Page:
Veranda L’Ni performing in the Cleveland Drag Showcase. (Photo by Porch Porch Productions.)
Ohio drag queens are thanking the Ohio Supreme Court for removing a proposal from city of Bellefontaine ballots that would ban public performances.
Drag is more than just performance art for Cleveland drag queen Veranda L’Ni — it’s also community.
“It’s the most creative art form in the world — we get to change our bodies and everything about us,” L’Ni said.
Both L’Ni and queen Dusty Bucket, who both use the pronoun they, are celebrating a new Ohio Supreme Court decision that blocks a ballot proposal to ban public drag shows in Bellefontaine, a central Ohio city with about 14,000 people.
“It’s great that the Ohio Supreme Court has taken a step to remove this,” L’Ni said.
It’s a huge relief, Bucket said.
“At least like something has been done, and we are stronger than we’ve ever been,” they said.
Although this is a win for them, it wasn’t explicitly about LGBTQ+ rights, Case Western Reserve University nonpartisan law professor Atiba Ellis explained.
The Ohio Supreme Court didn’t say that drag is fine, but rather that Sec. of State Frank LaRose and the Logan County election officials “abused their discretion and disregarded the law.”
“This court has made clear that there can’t be a change in the middle of the process because the law is intended to protect the voters from bait and switch tactics,” Ellis said.
Bellefontaine residents put forward a petition to ban drag in public or in any “location viewable by a minor” after they saw a fully-clothed performer on a float during a parade, according to The Buckeye Flame, a nonprofit LGBTQ+-centered newsroom.
After signatures had been gathered, additional language was added to the proposal. LaRose approved of this, and state Rep. Josh Williams (R-Sylvania) is siding with him.
“I believe individuals that signed onto that petition knew what they were signing on to — the rest of the language was the same,” Williams said.
What this ruling did was set the precedent for LaRose to be careful with the petition process.
“He should take positions that ensure transparency for the people of Ohio rather than expediency for a particular political agenda,” Ellis said.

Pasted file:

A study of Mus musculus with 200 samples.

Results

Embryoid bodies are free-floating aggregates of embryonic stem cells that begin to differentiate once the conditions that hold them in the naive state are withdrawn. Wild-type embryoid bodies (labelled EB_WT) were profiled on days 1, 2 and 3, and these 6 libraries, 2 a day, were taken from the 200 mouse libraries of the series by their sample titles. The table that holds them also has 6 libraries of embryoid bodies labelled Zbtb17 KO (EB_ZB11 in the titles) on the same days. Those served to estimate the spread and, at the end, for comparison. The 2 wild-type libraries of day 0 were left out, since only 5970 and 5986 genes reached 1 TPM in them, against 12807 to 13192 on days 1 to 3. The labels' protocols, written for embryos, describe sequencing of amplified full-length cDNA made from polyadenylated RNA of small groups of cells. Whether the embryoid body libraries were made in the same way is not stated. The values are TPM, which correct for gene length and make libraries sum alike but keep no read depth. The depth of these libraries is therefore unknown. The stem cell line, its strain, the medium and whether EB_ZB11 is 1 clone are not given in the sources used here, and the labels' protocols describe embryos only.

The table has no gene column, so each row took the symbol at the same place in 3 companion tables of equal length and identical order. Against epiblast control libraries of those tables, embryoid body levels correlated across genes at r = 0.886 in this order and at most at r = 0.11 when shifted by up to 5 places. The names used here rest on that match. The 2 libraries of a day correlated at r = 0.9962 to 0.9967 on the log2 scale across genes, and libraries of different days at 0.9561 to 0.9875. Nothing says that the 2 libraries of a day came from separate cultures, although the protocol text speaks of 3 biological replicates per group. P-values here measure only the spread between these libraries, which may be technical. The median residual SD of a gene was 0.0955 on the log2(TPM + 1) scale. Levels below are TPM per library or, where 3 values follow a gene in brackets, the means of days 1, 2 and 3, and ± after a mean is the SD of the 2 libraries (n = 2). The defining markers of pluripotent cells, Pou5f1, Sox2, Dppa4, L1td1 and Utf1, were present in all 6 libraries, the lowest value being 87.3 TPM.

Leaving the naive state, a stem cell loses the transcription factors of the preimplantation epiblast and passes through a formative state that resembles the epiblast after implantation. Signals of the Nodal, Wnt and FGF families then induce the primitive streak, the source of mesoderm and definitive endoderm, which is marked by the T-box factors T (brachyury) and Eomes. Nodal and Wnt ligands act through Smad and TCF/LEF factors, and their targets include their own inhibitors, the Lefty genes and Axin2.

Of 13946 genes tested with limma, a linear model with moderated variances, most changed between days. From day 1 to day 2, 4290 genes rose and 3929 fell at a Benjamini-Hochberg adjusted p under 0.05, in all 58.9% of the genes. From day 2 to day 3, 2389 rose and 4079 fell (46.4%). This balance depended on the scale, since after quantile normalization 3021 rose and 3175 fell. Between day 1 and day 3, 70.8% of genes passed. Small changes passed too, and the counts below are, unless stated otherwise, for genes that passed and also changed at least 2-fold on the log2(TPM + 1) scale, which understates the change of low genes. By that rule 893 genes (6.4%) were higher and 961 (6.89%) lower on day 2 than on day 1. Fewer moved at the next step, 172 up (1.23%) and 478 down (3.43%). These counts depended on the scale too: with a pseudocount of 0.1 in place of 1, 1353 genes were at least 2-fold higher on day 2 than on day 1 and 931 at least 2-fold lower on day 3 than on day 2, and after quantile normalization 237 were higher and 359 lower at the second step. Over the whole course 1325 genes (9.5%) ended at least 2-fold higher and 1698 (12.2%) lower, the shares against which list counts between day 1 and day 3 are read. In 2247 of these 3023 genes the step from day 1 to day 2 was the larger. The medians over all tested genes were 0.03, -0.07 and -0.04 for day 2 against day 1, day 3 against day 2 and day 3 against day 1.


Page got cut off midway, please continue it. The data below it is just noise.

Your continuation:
This is not the first time LaRose has been under fire for “overstepping” during the petition process, the professor added.
He previously faced criticism for rewriting the abortion rights amendment on the Nov. 7 ballot, with Democrats saying he misconstrued it. LaRose is one of the leading voices against the proposal to protect and enshrine the right to abortion, contraception and fertility treatment into the state constitution.
In that case, the court sided with LaRose.
However, this may show voters that LaRose is willing to step away from being the nonpartisan elections chief, his job, and fight for his own views.
“It seems to me to be using the political process in order to put forward a specific political agenda,” Ellis said.
In defense of LaRose, since he and his team did not respond to comment, Ellis said that nothing in LaRose’s approval of the ballot proposal dealt with his personal beliefs.
“The arguments he offered were credible, yet the court rejected them as strained,” he said.
This ruling shows Williams that his legislation, which would ban “obscene” drag shows anywhere but “adult cabarets,” nightclubs or sex shops, has support, the lawmaker said.
“It demonstrates to me that people are interested in protecting children,” Williams said.
L’Ni called these types of attacks meritless, saying nothing vulgar ever happens in front of children.
Despite the increase in laws against drag, protestors firebombing event locations and white supremacists showing up to drag brunches, L’Ni will continue fighting for free speech and art.
“This is definitely an uphill battle — and I’m all for it,” they said. “Until the next shiny object that’s no longer a drag performer gets in their purview, that’s where we’re gonna have to end up.”
This article was originally published on News5Cleveland.com and is published in the Ohio Capital Journal under a content-sharing agreement. Unlike other OCJ articles, it is not available for free republication by other news outlets as it is owned by WEWS in Cleveland.